Autumn is coming. That’s not a misquote. It’s a fact. You can feel it out here. The days are noticeably shorter and the heat wave is well and truly over.
Everything that can is going to seed. Apart from the roses I grow heirloom varieties, so I’m collecting seed like crazy, that or filling bins with weeds, quick before they set themselves up for next year. I’m afraid the weeds will win, again, but I’ll fight them to the last.
Long ago I knew a woman who clearly hoped I would marry one of her five sons. The boys, no interest, no way, but she was terrific. She would talk about putting things by, buying overripe vegetables for a song and canning them or making pasta sauce. If you need to feed five hungry young men at an affordable price, pasta is your friend. She would love it out here. Yesterday I picked up a huge crate of tomatoes for 5 euros. I think I’ll make some pasta sauce.
I find myself clearing and cleaning, buttoning everything down in preparation for the winter that is obviously on its way. The knitting that I put down four months ago is coming out again. I’m going to need that scarf.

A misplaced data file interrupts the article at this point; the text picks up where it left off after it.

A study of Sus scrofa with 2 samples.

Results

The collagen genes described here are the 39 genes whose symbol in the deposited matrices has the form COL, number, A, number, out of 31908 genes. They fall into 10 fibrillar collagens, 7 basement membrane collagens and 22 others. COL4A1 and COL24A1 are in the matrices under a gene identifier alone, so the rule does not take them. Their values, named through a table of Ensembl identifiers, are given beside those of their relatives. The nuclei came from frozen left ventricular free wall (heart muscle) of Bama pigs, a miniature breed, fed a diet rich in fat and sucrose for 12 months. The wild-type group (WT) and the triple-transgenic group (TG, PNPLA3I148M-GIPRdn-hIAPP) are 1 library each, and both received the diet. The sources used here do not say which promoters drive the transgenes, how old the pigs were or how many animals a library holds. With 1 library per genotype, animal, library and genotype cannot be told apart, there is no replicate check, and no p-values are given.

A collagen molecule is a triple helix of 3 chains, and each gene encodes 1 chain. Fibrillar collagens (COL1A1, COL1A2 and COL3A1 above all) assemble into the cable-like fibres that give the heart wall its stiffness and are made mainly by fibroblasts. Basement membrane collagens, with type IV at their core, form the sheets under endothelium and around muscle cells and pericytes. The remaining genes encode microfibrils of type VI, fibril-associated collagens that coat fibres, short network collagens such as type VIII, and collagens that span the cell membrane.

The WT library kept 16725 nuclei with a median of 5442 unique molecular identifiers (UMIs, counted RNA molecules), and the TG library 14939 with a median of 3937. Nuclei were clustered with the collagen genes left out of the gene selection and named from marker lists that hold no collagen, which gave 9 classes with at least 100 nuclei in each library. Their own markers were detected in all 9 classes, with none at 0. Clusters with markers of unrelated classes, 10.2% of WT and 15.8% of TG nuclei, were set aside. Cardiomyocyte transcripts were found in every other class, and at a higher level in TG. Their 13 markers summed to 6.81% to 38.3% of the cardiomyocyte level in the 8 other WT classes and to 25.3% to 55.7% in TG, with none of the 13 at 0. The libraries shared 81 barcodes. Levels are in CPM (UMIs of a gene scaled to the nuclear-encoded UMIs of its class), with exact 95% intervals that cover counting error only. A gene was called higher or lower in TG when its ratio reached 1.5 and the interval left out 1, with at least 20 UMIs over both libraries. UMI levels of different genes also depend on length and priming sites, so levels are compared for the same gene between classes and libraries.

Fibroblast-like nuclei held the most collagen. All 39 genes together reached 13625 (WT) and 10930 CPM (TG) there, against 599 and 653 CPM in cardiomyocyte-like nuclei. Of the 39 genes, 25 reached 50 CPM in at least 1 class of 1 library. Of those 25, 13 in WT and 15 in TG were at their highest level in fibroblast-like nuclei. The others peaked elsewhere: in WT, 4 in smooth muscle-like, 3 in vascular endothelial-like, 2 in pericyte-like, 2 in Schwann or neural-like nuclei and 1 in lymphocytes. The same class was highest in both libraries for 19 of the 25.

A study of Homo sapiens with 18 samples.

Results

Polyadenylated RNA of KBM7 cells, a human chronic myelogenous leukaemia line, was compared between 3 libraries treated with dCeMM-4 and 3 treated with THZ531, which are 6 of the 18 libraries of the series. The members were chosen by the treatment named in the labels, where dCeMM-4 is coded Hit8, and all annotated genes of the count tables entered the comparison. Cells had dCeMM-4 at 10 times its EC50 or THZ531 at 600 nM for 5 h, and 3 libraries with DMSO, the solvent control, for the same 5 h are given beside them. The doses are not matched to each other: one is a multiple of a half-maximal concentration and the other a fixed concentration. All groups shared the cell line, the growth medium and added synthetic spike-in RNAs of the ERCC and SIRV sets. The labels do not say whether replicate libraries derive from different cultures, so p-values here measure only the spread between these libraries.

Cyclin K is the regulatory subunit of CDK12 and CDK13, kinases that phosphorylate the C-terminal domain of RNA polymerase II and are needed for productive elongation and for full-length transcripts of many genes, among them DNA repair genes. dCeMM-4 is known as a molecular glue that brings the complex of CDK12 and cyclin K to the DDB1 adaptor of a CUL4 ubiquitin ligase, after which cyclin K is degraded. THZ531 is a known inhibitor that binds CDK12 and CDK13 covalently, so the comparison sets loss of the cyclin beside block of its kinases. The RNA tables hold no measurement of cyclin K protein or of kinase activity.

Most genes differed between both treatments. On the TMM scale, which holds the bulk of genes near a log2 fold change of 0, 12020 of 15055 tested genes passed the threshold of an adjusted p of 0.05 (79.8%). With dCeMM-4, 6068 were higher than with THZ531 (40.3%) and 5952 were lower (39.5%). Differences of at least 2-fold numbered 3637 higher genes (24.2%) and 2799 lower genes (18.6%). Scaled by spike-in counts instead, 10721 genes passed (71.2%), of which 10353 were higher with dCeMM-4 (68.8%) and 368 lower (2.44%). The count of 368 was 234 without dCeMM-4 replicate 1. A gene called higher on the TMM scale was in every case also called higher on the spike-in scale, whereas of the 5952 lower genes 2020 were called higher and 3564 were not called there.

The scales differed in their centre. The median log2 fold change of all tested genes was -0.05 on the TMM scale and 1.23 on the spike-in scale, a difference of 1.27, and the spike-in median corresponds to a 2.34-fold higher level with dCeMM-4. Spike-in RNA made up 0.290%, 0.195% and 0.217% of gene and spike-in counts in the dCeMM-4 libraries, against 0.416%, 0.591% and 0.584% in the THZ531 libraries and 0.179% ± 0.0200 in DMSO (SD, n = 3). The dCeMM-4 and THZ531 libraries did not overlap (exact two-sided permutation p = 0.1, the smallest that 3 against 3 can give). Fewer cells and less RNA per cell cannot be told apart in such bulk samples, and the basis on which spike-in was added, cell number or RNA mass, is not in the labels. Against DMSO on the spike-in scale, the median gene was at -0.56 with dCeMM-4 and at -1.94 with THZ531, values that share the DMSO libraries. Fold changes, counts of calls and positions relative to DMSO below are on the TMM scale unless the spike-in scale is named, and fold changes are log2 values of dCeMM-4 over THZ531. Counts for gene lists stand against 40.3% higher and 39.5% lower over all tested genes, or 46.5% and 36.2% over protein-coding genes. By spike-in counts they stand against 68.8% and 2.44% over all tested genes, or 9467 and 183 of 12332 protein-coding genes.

“Becoming French” is a common theme in expat blogs. That’s not likely to happen to me. When I told one of my grandsons I was moving here, he got a little scared. “So, will you become French?” I laughed and assured him I’d always be an American, but at the time I really had no clue.
Seeing what is happening over there, I guess I’m basically stateless, regardless of what passport I carry. But I am becoming more like a country person. I see what city people are doing to change Vendee. The cornfields are expanding to boost ethanol production, such a bad idea, and windmills are being installed at minimum distances, which may be okay, but still. The countryside is seen as a factory, its primary purpose to produce goods that allow the cities to chug along nonstop, regardless of the season or time of day.
I don’t want to go too far with this. No way would I want to give up my NASA-designed house insulation or my Amazon deliveries. I don’t even want to give up my wifi. But when it becomes truly chilly outside I’m sure I’ll be more attuned and more responsive to the seasonal changes than I was even five years ago. Maybe I’ll hibernate or at least come over all Jimmy Carter and put on a sweater.
But that’s getting ahead of the story. Right now I need to label those seed packets.